Not strictly on topic but likely of interest to many here:

- I've received my free (Philips Electronics-sponsored) copy of "DTV For
Dummies."  It's not the very worst thing I've ever read on the subject,
and, aside from typos, incorrect spelling-out of abbreviations, and some
mistaken history, it also offers many fascinating, if erroneous,
"facts":
     - The Advanced Television Systems Committee (ATSC) is "a government
committee appointed by the FCC" (page 47).
     - The 4:3 and 16:9 aspect ratios have exactly the same shape, but
the latter has more area (diagram on page 23).
     - Cable is "required to" carry DTV, due to "recent" FCC "laws"
(page 14).
     - LCD means plasma panel (page 37).
     - "It is unclear what if any portions of the ATSC standard
satellite companies must comply with" (page 15).
     - Progressive scanning has a higher frame rate than interlace (page
20).
     - A receiver is a set-top box with more outputs (page 30).
     - A composite signal "combines video, audio, and timing signals
into one" (page 48).
     - "...pictures look the same on your digital TV set at home as they
do in the studio..." (pages 19 and 27).
     - There is at least one DTV station on the air now in EACH of the
top-ten markets (page 10).
     - Analog signals cannot be compressed (page 18).
     - "May 1999 - All commercial stations in top 10 markets must begin
to transmit a digital signal" (page 11).
     - "In addition to stereo, a digital TV broadcast signal also
contains audio in the 6-channel... format" (page 21).  Surround sound
offers "the same audio for you that the on-screen characters hear."
     - "The easiest way to check both the TV and potential converter box
purchases is to compare the end connectors [options are phono or BNC]...
and make sure that they are compatible" (page 40).
     - And the ever popular, "The higher the numbers, the clearer the
picture" (page 19).
     Oh, well.  Let us hope Philips DTVs are better than this effort. 
As the book says, "No technology in this world can make George Clooney
look any better" (page 18 -- or would you prefer the previous page's,
"If you've heard one nun yodel off a mountain in Austria, you've heard
them all"?).  It also says (page 2) that it's not for "an industry geek
who wants to know -- or particularly cares -- about the intricacies of
digital technology" (like the fact that LCD doesn't stand for plasma?).
     If you don't understand why these "facts" are wrong, you need
help.  Start with a REAL intro to DTV, such as CNET's.  Go to:
http://www.cnet.com/Content/Gadgets/Special/DigitalTV/index.html.
And, of course, come to this week's ITS Technology Retreat.

- Here's another item from the book:
     - "Interactivity: In DTV context, refers to the ability to request
and receive appropriate responses from the TV.  Interactivity is made
possible through the use of a reverse communications channel, such as a
modem, connected to an interactive medium such as, but not exclusively,
the Internet" (page 49).
     I didn't include that one in the list of definitely erroneous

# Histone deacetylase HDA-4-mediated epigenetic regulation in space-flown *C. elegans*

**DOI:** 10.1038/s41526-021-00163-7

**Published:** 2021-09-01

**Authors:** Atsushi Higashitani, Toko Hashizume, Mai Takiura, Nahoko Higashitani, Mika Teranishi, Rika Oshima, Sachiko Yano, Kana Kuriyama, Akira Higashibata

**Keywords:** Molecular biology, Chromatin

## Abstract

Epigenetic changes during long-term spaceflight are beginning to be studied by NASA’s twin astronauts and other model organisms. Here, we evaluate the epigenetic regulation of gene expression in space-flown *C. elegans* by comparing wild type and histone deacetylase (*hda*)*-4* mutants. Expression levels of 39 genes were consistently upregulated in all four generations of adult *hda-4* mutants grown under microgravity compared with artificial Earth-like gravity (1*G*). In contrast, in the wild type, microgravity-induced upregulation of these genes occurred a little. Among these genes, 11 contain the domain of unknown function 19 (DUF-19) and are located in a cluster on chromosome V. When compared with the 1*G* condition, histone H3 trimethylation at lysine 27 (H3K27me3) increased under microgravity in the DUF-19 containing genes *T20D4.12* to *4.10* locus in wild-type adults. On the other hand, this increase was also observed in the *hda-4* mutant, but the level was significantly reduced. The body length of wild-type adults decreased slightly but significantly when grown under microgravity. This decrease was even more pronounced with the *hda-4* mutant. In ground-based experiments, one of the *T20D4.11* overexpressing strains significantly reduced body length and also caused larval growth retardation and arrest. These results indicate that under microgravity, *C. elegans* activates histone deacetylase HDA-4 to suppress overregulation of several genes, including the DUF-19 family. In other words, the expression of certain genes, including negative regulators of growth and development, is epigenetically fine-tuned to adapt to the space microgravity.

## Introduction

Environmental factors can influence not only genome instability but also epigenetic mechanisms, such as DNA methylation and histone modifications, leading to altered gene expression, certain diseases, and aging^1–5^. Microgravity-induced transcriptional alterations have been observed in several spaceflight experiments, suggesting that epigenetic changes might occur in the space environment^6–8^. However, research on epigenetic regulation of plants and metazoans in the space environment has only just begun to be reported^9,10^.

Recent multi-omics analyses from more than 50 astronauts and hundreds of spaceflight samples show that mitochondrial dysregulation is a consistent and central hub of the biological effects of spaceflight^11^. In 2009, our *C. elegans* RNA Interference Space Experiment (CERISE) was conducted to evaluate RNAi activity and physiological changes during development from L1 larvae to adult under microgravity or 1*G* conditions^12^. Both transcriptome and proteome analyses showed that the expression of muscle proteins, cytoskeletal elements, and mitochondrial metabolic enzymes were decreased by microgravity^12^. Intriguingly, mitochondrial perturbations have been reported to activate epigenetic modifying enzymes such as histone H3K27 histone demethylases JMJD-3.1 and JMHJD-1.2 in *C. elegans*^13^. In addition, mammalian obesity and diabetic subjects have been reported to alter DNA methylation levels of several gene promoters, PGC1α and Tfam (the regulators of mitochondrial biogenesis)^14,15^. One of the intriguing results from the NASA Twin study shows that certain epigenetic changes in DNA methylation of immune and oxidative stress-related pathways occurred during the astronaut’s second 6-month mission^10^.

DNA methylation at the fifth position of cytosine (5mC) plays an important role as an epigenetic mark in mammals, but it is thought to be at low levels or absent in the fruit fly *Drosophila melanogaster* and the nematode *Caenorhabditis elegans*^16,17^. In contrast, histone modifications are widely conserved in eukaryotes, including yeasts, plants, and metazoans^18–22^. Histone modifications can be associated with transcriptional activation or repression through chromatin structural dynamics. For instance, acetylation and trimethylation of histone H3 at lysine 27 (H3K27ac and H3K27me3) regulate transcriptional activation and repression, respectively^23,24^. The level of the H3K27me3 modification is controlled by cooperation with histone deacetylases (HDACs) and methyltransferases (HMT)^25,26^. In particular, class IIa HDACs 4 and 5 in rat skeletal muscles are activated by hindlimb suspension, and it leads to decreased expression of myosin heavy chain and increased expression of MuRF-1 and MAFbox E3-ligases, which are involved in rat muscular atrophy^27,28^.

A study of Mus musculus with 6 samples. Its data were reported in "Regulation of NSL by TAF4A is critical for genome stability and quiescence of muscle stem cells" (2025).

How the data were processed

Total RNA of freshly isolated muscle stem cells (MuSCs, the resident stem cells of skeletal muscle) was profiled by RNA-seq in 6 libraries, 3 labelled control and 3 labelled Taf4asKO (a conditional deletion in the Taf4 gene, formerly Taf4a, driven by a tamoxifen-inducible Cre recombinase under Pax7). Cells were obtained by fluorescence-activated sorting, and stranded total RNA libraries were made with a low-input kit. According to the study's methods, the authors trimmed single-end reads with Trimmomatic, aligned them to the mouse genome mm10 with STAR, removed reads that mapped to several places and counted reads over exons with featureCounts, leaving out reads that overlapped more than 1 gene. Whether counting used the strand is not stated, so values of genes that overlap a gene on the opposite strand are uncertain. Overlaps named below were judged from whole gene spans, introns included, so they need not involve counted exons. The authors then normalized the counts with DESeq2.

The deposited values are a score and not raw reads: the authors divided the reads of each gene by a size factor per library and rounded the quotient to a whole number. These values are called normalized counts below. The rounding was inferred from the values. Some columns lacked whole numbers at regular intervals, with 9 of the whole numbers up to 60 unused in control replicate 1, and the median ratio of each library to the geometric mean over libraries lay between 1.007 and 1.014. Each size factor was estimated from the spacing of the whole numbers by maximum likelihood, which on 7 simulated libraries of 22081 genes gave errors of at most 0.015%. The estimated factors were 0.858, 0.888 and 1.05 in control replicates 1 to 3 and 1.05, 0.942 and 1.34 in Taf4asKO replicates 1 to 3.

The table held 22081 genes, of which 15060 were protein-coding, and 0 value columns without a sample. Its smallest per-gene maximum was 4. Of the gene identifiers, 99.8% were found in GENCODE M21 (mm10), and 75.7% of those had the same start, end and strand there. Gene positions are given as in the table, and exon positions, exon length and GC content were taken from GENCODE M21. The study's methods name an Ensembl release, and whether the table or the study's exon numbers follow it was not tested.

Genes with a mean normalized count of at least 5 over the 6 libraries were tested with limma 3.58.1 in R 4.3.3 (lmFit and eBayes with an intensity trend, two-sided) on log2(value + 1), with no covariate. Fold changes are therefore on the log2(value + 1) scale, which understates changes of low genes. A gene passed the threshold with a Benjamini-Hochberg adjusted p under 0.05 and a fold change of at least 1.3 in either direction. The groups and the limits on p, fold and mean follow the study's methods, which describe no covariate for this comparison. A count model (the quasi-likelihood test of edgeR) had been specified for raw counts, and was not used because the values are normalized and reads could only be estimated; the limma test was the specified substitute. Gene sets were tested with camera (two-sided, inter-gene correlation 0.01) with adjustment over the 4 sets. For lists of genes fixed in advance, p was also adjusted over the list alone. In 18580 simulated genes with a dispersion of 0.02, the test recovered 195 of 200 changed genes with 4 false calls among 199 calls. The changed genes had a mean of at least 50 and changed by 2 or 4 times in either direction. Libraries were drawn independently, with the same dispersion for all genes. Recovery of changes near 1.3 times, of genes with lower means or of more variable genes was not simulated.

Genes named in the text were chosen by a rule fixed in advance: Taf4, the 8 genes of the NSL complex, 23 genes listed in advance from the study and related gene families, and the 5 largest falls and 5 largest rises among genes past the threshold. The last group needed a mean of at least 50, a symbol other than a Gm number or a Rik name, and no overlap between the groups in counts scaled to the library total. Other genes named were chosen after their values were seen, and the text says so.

"facts" because there is at least some debate about its veracity, a good
deal of which has been taking place recently on the DTV Forum. 
Choices are data-carousel (cyclic transmission of the same information,
as is done in teletext), dump (usually program-related) to local storage
(nominally RAM or disk), and reverse channel.  I would say that most
people believe some form of interactivity can be achieved without a
reverse channel, chalking up another one for the "Dummies."

- More on audio/video sync (not in the book):
     - One correspondent suggested that the audio/video sync problem
that CBS brought up at the February 4 T3 meeting was actually an echo
problem (a result of listening to more than one DTV receiver at a time,
with each being in sync by itself but with differing overall latencies
between receivers).  He also noted that tiny A/V sync errors are
difficult to detect.
     - I wasn't at the T3 meeting, but the multiple independent reports I
saw are that CBS said there WERE A/V sync problems, they were
significant (some measurable in SECONDS), and, according to one report,
they varied when receivers were powered down and up.  Even if the
reports are wrong, the echo problem is interesting to consider -- what
if the DTV in the kitchen, the DTV in the living room, and the DTV in
the bedroom are all on, all tuned to the same channel, and all
exhibiting different latencies?  Hmmm.
     - I met with a west-coast network executive last week who indicated
that his lab did NOT show A/V sync problems with L.A.-area DTV
transmissions.  But HE indicated other incompatibilities between certain
encoders and receivers.

- That network executive also had negative comments on DTV in Britain,
saying "half" of certain receivers sold had to be returned for
non-functionality.  Take this with a grain of salt; I have no
confirmation.

- According to Nikkei Weekly, IBM Japan plans to sell DTV decoders
(including Internet access, it said) to both consumer-electronics and
computer manufacturers beginning this month.

- How to increase sales of H/DTVs?  Bribes.  Starting today, retail
salespeople who sell certain Mitsubishi "HDTV-ready" projection TVs will
get either $200 in cash or 40,000 points towards prizes from a catalog
for each set sold.  If you've been hearing strange sales pitches so far,
just wait!  Today's Consumer Electronics newsletter reports that the
program is aimed at reducing inventory of 4:3-aspect-ratio units!

- If you haven't seen it already, check out the January 31 "Jump Start"
http://www.comiczone.com/comics/jumpstart/archive/jumpstart990131.html

---
Thanks to Bill Hogan of Sprocket Digital for support in 1999.